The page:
Removing Barriers Blog

CUNA Joins WOCCU in Opposing Expanded FATCA Reporting Requirements
Posted May 31, 2016 by CUNA Advocacy

Today, CUNA and the World Council of Credit Unions (WOCCU) sent a joint letter to congressional leaders in both chambers, in response to Treasury Secretary Jack Lew’s May 5th letter to House Speaker Paul Ryan requesting new legislation to increase the Foreign Account Tax Compliance Act (FATCA) reporting requirements on U.S.-based banks and credit unions.  

The letter urged congressional leaders to oppose any increase in FATCA reporting requirements on U.S.-based credit unions and banks, because it would increase regulatory burdens on American credit unions and banks without resulting in a single dollar of new tax revenue to the Treasury.  

FATCA already limits the ability of U.S. citizens to evade taxes through offshore banking by requiring foreign banks to report such accounts to the U.S. government, either directly or pursuant to a FATCA Intergovernmental Agreement.  U.S.-based banks and credit unions also already report interest income earned by non-resident aliens to the Internal Revenue Service (IRS).  This information is currently shared with many foreign governments pursuant to FATCA reciprocity.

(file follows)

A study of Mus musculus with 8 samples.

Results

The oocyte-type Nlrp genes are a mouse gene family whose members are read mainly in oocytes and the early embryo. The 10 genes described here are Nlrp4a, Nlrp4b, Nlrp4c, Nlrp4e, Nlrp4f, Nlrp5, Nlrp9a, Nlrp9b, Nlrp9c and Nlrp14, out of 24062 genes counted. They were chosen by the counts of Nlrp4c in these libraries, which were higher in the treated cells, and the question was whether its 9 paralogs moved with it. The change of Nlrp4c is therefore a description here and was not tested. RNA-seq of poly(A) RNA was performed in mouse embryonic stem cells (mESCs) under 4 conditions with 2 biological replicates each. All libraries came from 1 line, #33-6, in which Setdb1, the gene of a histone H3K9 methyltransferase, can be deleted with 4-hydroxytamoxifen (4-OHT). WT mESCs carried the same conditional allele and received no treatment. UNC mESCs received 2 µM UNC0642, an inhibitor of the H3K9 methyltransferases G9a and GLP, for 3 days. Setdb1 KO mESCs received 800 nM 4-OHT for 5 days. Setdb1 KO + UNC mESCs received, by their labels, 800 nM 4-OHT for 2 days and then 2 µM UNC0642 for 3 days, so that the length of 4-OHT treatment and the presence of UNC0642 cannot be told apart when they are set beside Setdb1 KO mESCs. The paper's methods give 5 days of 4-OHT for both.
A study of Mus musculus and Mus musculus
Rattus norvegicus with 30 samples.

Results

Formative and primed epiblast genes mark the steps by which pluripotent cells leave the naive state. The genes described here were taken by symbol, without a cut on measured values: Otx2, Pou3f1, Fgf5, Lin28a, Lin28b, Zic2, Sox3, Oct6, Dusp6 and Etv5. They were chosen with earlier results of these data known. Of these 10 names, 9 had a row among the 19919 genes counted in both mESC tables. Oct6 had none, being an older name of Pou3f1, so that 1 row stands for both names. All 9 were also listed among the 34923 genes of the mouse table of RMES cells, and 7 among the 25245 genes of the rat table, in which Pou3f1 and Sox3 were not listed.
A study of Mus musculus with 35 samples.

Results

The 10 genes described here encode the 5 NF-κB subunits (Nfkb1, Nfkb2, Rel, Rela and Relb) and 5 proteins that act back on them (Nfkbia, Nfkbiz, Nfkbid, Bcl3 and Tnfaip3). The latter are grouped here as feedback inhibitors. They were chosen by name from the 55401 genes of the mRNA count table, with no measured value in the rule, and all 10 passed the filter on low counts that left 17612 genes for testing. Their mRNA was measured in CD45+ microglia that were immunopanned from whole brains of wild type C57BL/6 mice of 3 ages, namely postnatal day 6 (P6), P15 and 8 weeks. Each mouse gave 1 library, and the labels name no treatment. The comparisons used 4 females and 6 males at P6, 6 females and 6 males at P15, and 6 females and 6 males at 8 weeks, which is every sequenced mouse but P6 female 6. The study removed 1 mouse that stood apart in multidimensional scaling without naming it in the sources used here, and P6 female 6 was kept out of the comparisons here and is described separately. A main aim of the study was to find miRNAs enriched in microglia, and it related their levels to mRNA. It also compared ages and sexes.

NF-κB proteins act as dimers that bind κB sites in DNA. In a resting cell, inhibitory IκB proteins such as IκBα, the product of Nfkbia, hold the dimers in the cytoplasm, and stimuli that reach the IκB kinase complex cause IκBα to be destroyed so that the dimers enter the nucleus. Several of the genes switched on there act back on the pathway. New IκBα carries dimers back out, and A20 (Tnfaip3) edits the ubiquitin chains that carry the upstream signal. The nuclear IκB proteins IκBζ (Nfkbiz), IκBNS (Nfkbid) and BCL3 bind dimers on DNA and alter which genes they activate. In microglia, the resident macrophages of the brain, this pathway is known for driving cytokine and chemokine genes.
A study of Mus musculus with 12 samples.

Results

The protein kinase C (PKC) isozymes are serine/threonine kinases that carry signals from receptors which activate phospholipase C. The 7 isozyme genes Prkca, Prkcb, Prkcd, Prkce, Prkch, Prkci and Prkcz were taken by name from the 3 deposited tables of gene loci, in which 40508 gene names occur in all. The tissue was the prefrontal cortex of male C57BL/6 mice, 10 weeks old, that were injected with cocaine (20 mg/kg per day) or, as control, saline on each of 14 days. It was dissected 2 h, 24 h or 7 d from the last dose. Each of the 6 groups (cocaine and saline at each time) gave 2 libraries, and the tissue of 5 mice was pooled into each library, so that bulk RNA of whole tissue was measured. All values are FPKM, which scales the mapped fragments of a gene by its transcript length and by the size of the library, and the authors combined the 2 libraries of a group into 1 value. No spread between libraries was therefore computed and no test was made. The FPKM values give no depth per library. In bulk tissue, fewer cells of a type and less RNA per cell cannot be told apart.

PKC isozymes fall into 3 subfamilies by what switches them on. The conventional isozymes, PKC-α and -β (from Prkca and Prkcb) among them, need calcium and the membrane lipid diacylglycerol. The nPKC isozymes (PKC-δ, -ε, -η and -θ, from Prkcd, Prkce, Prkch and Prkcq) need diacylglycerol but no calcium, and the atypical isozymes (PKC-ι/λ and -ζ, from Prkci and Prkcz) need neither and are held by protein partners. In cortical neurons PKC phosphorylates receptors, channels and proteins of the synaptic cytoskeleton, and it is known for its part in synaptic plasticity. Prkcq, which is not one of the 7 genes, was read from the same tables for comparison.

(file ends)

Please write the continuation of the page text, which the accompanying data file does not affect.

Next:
Secretary Lew has asked for new legislation to expand domestic application of FATCA further so that U.S.-based banks and credit unions are required to report non-resident aliens’ account balances to the IRS, even when the accounts do not earn interest or dividends.  The IRS would share this information with foreign governments, including foreign governments that are hostile to the United States, even though non-interest-bearing accounts do not generate taxable income.  

The compliance burdens on American banks and credit unions from domestic expansion of FATCA, however, would be significant because every bank and credit union in the United States would be expected to review their accounts on a regular basis and make reports to the IRS even if they do not hold any non-resident-alien accounts.  The result will be a diversion of resources at credit unions and banks that otherwise would have been used to provide loans and other financial services.